Media Contact: Dan Olson, 218-846-7390
Technical Contact: Cary Hernandez, 218-846-0746
Toll free/TTY: 1-800-657-3864
Detroit Lakes, Minn. -- The Potlatch Corporation allegedly exceeded air pollution limits at its oriented strand board plant near Bemidji from 1999 to 2003 because of an equipment malfunction and inconsistent programming of a data acquisition system. As a result, the company will pay a $725,000 penalty, according to the Minnesota Pollution Control Agency (MPCA).
Minnesota law requires owners and operators of facilities with the potential to release certain levels of air pollutants to have MPCA permits. They must also monitor and maintain equipment because emissions exceeding standards can degrade air quality.
Potlatch received an air emission permit from the MPCA in 1990 for a wood-fired boiler. In 1994 the permit was amended to require installation of equipment to control nitrogen oxide emissions (NOx) from the boiler. The amendment required a "selective non-catalytic reduction" type of system.
On May 25, 2001, this system malfunctioned. It was not repaired until Nov. 5, 2003, 29 months after the equipment failure. The company's operational permit requires that any breakdown of more than one hour be reported to the MPCA immediately. Potlatch self-reported the incident to the MPCA on Jan. 26, 2004. Soon after that, Potlatch also discovered and reported its data acquisition system was operating with programming values that were not consistent with those in use at other sites. Revised calculations showed NOx emissions exceeded limits 58 percent of the time the boiler was in operation from 1999 through 2003.
In addition to the alleged violations related to the NOx emissions, the company failed air emission performance testing for fine particles in April and May of 2004.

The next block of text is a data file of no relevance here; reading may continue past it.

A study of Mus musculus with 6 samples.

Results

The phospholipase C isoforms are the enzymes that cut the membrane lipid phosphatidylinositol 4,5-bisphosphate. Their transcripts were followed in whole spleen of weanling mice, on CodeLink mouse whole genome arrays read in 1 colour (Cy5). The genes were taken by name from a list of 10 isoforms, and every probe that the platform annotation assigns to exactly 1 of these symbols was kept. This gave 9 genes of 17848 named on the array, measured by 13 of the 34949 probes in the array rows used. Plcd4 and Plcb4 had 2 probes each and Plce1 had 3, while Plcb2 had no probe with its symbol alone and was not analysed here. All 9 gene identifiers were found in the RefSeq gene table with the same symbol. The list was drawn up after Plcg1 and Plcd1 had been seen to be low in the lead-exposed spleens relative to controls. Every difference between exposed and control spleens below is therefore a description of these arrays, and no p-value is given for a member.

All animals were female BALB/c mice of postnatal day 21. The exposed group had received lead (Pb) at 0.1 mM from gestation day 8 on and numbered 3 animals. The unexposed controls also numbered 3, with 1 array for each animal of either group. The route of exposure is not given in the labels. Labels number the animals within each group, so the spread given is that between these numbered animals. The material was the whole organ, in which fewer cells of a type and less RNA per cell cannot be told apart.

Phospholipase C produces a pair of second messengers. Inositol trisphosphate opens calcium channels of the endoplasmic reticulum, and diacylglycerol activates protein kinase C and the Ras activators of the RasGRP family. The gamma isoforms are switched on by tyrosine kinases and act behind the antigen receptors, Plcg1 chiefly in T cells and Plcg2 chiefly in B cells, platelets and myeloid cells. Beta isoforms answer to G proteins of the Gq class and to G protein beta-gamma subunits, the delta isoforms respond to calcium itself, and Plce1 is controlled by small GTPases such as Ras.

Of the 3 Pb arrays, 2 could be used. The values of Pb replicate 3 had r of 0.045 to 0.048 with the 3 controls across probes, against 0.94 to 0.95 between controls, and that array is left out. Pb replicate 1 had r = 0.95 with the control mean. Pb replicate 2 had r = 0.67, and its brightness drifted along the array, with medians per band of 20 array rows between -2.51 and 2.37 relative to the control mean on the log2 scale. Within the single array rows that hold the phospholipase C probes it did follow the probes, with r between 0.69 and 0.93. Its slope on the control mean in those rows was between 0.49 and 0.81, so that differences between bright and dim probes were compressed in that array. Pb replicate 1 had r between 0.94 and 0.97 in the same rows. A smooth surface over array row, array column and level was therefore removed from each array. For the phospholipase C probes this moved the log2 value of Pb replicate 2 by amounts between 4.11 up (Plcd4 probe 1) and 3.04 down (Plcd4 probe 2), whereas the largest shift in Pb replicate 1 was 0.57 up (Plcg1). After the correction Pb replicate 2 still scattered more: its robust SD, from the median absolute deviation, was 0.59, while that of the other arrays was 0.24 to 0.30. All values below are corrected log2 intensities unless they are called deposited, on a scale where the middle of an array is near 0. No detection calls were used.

A new company, Ainsworth Engineered, acquired the Potlatch operation in September 2004. Testing results from Oct. 19, 2004, indicated the operation was in compliance with emission limits for fine particles. The facility continues to operate within the guidelines of its air permit.
"We are pleased that this situation has reached a satisfactory conclusion," said Cary Hernandez, MPCA air quality enforcement officer. "The company's self-reporting (of the alleged violations) is one of the factors we considered during the penalty phase of the enforcement action."
The settlement between Potlatch and the MPCA is called a "stipulation agreement." It is one of the tools used to achieve compliance with environmental laws. When calculating penalties, the MPCA takes into account how seriously the violation affected the environment, whether it is a first time or repeat violation, and how promptly the violation was reported to appropriate authorities. It also attempts to recover the calculated economic benefit gained by failure to comply with environmental laws in a timely manner. For a comprehensive list of enforcement actions by the MPCA, refer to the agency Web site at:/newscenter/enforcement.html
A copy of the stipulation agreement is available by request from Daniel Olson at the MPCA regional office in Detroit Lakes, MN, 714 Lake Avenue, 56501, or by e-mail at email@example.com.